Black Bears for Recovery
What is Recovery?
When you think of recovery, your first thought may be the term ‘alcoholic’ or AA meetings. It may bring to mind the concept of sobriety or the twelve steps. However, recovery is defined differently depending on the individual. Check out the definition provided by the Substance Abuse and Mental Health Services Administration (SAMHSA):
“Recovery is a process of change through which people improve their health and wellness, live self-directed lives, and strive to reach their full potential.”
There is no mention of substance use. The focus is on self-improvement and quality of life. With this in mind, it’s easy to see how recovery can mean different things to different people. It could mean recovery from mental health issues. From eating disorders. From substance abuse. There is no limit to what can be included.
This can be further broken down into four dimensions:
- Health: Taking care of our physical and emotional wellness
- Home: A stable place to live
- Purpose: Leading a meaningful life and participating in society
- Community: Maintaining a network of support and friendship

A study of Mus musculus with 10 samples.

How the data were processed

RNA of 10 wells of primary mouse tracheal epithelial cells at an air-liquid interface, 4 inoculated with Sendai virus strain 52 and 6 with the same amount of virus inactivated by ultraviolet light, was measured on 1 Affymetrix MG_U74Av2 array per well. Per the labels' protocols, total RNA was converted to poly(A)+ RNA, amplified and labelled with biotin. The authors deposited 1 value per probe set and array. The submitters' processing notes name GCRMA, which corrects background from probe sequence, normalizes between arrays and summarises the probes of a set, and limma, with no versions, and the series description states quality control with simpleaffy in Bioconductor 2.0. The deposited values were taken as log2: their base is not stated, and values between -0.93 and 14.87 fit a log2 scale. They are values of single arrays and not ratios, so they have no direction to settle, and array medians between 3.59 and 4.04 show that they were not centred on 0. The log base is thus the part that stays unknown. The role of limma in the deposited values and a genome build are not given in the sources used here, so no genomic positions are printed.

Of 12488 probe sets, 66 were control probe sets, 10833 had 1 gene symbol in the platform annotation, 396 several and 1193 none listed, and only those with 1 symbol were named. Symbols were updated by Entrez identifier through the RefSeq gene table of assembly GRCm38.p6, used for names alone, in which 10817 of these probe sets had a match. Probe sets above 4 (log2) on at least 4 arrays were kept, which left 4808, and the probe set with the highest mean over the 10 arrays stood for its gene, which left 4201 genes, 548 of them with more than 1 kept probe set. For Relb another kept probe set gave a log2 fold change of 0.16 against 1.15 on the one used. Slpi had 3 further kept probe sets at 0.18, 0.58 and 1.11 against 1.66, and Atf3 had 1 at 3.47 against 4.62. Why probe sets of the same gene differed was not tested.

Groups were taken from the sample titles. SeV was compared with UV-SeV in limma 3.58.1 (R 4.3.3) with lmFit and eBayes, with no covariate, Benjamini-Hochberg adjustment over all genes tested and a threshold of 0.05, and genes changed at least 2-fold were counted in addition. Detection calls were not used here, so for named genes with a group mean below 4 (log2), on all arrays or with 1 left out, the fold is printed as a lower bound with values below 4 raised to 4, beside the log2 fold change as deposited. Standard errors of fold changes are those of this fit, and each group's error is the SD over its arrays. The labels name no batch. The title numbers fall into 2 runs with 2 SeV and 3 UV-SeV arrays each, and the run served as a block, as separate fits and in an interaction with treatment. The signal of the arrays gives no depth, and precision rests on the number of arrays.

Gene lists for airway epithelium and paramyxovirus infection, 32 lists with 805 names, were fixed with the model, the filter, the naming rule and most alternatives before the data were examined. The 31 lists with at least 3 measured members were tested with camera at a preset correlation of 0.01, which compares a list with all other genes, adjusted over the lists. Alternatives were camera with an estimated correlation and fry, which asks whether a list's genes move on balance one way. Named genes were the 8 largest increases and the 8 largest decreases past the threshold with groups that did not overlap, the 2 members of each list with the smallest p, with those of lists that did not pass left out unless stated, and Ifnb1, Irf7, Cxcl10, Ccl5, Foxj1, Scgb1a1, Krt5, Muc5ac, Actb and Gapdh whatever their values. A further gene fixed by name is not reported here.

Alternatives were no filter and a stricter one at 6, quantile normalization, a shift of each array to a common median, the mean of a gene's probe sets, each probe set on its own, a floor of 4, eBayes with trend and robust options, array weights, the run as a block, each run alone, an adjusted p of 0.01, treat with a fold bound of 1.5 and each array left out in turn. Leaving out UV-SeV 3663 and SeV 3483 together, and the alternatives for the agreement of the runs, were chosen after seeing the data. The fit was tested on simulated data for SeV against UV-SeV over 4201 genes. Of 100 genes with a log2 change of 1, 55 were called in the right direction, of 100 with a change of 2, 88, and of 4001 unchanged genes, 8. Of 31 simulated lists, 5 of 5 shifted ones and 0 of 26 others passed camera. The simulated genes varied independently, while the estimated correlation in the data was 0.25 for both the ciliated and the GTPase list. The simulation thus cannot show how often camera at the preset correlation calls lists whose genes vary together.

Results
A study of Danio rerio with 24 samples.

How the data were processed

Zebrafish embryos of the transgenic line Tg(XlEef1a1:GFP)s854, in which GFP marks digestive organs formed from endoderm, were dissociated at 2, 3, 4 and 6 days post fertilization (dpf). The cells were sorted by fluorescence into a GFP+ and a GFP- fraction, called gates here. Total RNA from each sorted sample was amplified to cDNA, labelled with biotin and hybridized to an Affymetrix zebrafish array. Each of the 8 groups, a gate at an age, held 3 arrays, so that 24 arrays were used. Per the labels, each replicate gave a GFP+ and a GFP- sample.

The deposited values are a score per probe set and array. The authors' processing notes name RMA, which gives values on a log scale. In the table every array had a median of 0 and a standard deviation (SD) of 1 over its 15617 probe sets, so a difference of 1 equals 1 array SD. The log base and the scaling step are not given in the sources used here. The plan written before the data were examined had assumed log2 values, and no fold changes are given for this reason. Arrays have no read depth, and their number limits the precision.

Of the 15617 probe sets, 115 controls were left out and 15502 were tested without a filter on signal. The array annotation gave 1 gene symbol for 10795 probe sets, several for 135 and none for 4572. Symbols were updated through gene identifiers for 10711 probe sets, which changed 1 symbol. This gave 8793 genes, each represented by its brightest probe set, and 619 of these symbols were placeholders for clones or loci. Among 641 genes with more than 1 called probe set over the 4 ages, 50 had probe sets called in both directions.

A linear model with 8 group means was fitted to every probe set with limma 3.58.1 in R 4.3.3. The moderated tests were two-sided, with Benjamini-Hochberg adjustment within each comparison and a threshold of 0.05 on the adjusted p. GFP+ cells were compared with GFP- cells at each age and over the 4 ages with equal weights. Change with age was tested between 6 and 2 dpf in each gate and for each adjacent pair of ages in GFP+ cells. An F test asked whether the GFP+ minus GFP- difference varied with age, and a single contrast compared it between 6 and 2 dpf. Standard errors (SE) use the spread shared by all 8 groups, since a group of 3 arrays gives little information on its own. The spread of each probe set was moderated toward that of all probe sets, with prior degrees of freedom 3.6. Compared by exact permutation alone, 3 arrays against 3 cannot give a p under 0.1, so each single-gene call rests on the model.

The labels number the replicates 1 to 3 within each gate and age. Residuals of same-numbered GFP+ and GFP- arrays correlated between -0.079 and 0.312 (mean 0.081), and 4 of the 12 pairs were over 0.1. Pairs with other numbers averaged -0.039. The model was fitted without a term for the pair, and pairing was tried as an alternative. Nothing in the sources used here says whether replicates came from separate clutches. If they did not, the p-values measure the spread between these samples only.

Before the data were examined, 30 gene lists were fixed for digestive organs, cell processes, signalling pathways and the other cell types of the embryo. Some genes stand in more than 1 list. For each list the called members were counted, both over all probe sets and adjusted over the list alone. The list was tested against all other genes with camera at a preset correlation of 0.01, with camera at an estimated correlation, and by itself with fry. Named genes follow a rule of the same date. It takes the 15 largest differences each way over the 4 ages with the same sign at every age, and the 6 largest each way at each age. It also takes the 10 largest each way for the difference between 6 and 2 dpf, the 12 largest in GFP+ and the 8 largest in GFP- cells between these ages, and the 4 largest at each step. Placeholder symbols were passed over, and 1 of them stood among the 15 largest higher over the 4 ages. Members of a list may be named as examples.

Recovery and Recovery Support. (2019, January 14). Retrieved from https://www.samhsa.gov/find-help/recovery
Black Bears for Recovery
Building that community is where collegiate recovery comes in. College students in recovery, particularly related to substance abuse and dependence, experience things their peers do not. Although many college students do not drink or use other drugs, the majority does. This can create a culture where drinking or smoking are an expected part of the college experience. These behaviors can interfere with a person’s recovery, whether that recovery is substance-related or not.
Something as simple as meeting other students can become complicated. With many students finding friends through parties, students in recovery are often at a disadvantage. Black Bears for Recovery provides an opportunity to meet other students and offers support for academic, personal, and recovery concerns.
This builds a community to foster connections with others. It is less about defining what recovery means to you, and more about providing the support necessary to have an enriching, fulfilling life.
To get involved, check out our Facebook or e-mail James Hiers at email@example.com.
Al-Anon Meetings: These are for people affected by someone else’s drinking, typically a family member. It is open to everyone and there is no expectation of participation until you feel comfortable. Every Monday in the Woolley Room of DTAV at 7 PM.
Twelve Step Meetings: There is an AA meeting on campus every Sunday at 5 PM in the Senior Skulls Room of the Memorial Union. These occur only when school is in session.